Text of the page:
Is Hospital Competition Socially Wasteful?

Daniel Kessler & Mark McClellan research on the effects of the competition among hospitals on the heart patients from 1985 to 1994. Healthcare is an essential part of the current economic and social welfare. With the increased expenditure on this sector, many hospitals compete for the patients, especially those with conditions that require management like heart ailments. Daniel P. Kessler and Mark B. McClellan look at some of the exogenous factors that influence patients’ decisions on the choice of specific hospitals. As per their study, social effects of the hospital competition in the 1980s were not clear, making it difficult for researchers to come up with positive conclusions. Kessler & McClellan find out that hospital competition effects in the 1990s were traceable, studies showing an improvement in the social welfare of the patients.

Kessler and McClellan’s work shows that in the 1990s, social welfare improved from hospital competition; however, the conclusion can be analyzed in terms of significant determinants. Microeconomics display that competition can either lead to improved or reduced social welfare. For instance, Gruber (1994) notes that insurance and tax incentives are some of the major determinants that have made consumers less sensitive to the cost of healthcare. Many hospitals get reimbursements in a way that makes them not bear the marginal cost of some of the medical decisions (Enthoven & Singer, 1997). Competition can be socially wasteful in instances where the social cost of production is less than the intensity of the care. Health outcomes of the patients should be more than the intensity of the competition for benefits to occur. On that note, Daniel P. Kessler and Mark B. McClellan’s research must weigh the results and conclusion as per patients’ health outcome. A relationship between insurance and care management concerning the price may affect social welfare. Most of the hospitals may only compete in terms of the numbers but not as per the health outcome (Enthoven & Singer, 1997). When such competition happens, then it leads to social waste.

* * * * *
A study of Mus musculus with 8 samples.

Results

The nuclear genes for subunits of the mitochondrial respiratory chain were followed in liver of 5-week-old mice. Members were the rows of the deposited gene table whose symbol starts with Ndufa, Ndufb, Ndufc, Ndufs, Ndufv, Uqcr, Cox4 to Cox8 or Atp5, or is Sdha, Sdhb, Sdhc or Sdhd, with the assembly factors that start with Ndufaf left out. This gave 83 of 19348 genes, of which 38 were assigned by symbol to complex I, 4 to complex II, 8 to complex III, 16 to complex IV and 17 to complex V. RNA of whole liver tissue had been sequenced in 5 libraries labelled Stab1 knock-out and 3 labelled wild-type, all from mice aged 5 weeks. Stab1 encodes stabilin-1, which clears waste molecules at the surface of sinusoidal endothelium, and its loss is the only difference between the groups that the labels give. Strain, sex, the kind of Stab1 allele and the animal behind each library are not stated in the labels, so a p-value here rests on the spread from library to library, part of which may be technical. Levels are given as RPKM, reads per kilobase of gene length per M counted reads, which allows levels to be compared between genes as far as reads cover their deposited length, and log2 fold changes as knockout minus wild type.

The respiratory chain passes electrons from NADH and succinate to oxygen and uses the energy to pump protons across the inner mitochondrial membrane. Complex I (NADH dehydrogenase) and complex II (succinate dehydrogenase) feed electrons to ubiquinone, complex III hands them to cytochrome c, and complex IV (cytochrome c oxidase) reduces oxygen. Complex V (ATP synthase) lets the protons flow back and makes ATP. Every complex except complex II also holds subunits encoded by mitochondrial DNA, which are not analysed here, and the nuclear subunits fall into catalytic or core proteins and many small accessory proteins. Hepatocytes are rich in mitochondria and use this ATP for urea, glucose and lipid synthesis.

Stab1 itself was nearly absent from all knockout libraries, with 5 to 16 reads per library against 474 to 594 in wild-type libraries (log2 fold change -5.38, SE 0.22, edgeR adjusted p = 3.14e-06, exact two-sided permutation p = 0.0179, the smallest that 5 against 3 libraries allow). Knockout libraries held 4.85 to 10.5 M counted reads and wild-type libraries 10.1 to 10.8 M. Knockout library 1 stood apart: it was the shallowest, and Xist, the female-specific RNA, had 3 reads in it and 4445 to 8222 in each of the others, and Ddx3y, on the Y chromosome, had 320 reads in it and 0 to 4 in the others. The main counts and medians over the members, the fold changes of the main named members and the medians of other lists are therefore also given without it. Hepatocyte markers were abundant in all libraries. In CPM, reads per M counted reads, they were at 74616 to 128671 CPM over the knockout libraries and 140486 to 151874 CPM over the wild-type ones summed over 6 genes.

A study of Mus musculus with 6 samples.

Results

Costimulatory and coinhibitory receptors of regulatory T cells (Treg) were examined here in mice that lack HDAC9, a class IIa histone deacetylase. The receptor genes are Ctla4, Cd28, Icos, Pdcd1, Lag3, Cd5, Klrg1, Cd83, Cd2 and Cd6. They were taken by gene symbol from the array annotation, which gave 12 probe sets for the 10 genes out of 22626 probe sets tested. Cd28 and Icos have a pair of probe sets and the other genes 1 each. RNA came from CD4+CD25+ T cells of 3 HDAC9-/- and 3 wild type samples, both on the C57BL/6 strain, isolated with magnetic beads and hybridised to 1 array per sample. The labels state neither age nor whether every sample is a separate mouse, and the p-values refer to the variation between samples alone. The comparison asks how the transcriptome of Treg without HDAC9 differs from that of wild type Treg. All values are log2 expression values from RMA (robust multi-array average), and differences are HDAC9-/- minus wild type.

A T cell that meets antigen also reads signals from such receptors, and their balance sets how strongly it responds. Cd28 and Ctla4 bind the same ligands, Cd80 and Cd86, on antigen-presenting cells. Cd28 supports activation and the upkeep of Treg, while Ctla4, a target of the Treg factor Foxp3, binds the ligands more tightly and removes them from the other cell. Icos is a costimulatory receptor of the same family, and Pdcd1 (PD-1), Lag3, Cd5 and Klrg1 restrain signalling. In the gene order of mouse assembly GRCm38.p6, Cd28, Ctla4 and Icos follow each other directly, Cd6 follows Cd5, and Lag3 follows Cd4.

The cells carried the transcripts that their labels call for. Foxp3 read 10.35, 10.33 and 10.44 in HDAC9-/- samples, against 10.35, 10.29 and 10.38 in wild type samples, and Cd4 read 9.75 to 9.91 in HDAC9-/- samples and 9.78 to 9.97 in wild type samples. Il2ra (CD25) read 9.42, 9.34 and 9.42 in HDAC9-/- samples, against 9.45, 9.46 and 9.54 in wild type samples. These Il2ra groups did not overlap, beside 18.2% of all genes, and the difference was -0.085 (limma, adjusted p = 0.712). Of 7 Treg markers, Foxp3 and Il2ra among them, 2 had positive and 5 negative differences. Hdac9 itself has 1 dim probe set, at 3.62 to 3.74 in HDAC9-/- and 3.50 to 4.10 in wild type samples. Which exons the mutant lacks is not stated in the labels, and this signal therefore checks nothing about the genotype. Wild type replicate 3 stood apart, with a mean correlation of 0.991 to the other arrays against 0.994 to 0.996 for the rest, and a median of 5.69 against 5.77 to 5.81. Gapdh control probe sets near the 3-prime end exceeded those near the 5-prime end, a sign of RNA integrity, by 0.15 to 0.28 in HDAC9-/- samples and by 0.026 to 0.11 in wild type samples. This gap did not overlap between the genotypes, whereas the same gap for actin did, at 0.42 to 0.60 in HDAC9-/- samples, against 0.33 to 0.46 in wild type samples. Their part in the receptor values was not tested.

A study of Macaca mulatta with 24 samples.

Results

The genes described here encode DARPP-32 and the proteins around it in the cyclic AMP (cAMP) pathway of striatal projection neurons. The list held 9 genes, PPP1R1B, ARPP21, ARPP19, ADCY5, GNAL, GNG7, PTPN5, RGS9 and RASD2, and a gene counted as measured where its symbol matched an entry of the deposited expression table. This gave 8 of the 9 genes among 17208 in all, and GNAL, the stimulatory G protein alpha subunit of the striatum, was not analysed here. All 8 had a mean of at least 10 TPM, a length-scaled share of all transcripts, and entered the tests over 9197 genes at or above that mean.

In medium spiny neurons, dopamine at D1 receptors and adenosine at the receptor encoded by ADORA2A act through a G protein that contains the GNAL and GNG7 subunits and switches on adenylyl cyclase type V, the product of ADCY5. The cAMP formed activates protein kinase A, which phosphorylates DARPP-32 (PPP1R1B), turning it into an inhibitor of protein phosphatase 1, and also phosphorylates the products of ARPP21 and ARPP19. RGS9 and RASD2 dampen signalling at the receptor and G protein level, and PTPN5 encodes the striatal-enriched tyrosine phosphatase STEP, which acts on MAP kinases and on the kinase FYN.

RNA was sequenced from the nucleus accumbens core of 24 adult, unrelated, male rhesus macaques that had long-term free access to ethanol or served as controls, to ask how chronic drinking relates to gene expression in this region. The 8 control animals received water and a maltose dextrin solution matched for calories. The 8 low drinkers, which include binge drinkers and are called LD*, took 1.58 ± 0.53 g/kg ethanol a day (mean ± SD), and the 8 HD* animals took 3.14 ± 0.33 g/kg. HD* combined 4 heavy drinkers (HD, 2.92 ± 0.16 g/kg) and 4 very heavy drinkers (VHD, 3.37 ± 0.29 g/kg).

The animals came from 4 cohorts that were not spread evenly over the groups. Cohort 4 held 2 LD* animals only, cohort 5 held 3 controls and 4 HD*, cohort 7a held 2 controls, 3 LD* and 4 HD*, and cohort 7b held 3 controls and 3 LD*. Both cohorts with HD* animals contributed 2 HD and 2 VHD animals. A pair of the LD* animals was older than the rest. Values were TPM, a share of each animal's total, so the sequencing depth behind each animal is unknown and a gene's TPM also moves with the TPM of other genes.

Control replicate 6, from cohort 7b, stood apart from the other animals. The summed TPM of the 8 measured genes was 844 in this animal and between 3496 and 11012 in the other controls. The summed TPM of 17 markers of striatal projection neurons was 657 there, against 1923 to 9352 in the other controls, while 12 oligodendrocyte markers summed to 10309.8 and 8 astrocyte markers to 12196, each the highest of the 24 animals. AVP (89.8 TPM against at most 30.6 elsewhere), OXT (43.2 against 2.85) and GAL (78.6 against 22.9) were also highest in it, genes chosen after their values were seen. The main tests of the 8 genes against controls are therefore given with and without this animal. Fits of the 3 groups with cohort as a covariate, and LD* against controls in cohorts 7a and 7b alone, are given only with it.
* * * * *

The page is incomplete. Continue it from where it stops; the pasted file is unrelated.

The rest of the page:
Hospital services can never be taken to be fit in a perfectly competitive market situation. The research shows an improvement in social welfare in the 1990s indicates that certain coordinated activities can be regulated to add more benefits. Most of the patients in this research are the elderly with heart conditions. The 10-year study only covers the patients with managed-care insurance. This means that the study fails to cover some of the patients with no insurance coverage. The research fails to study hospital competition for those patients without insurance.

However, the improved social welfare after the 1990s is an indication of the benefits that accrue from organized healthcare systems. The research indicates that the ambiguous nature of the competitive aspects made it difficult to point out some of the benefits. In effect, the cost of healthcare increased for the elderly with heart diseases. According to Enthoven & Singer (1997), the changes in the sector in the 1990s came from the order and better management of the systems. More people went for the insurance coverage; government involvement also helped in building up a better system. With operations in place, hospital competition has been orderly, leading to a reduction in the cost of healthcare. The social benefits come from the quality service provision that leads to a better medical outcome. The more patients enroll for medical care, the more the social benefits within a given state.


Enthoven, A. & Singer, S. (1997). “Markets and Collective Action in Regulating Managed Care.” Health

Affairs, 16; 26-32

Gruber, J. (1994). “The Effect of Price Shopping in Medical Markets: Hospital Responses to PPOs in

California.” Journal of Health Economics, 38; 183-212.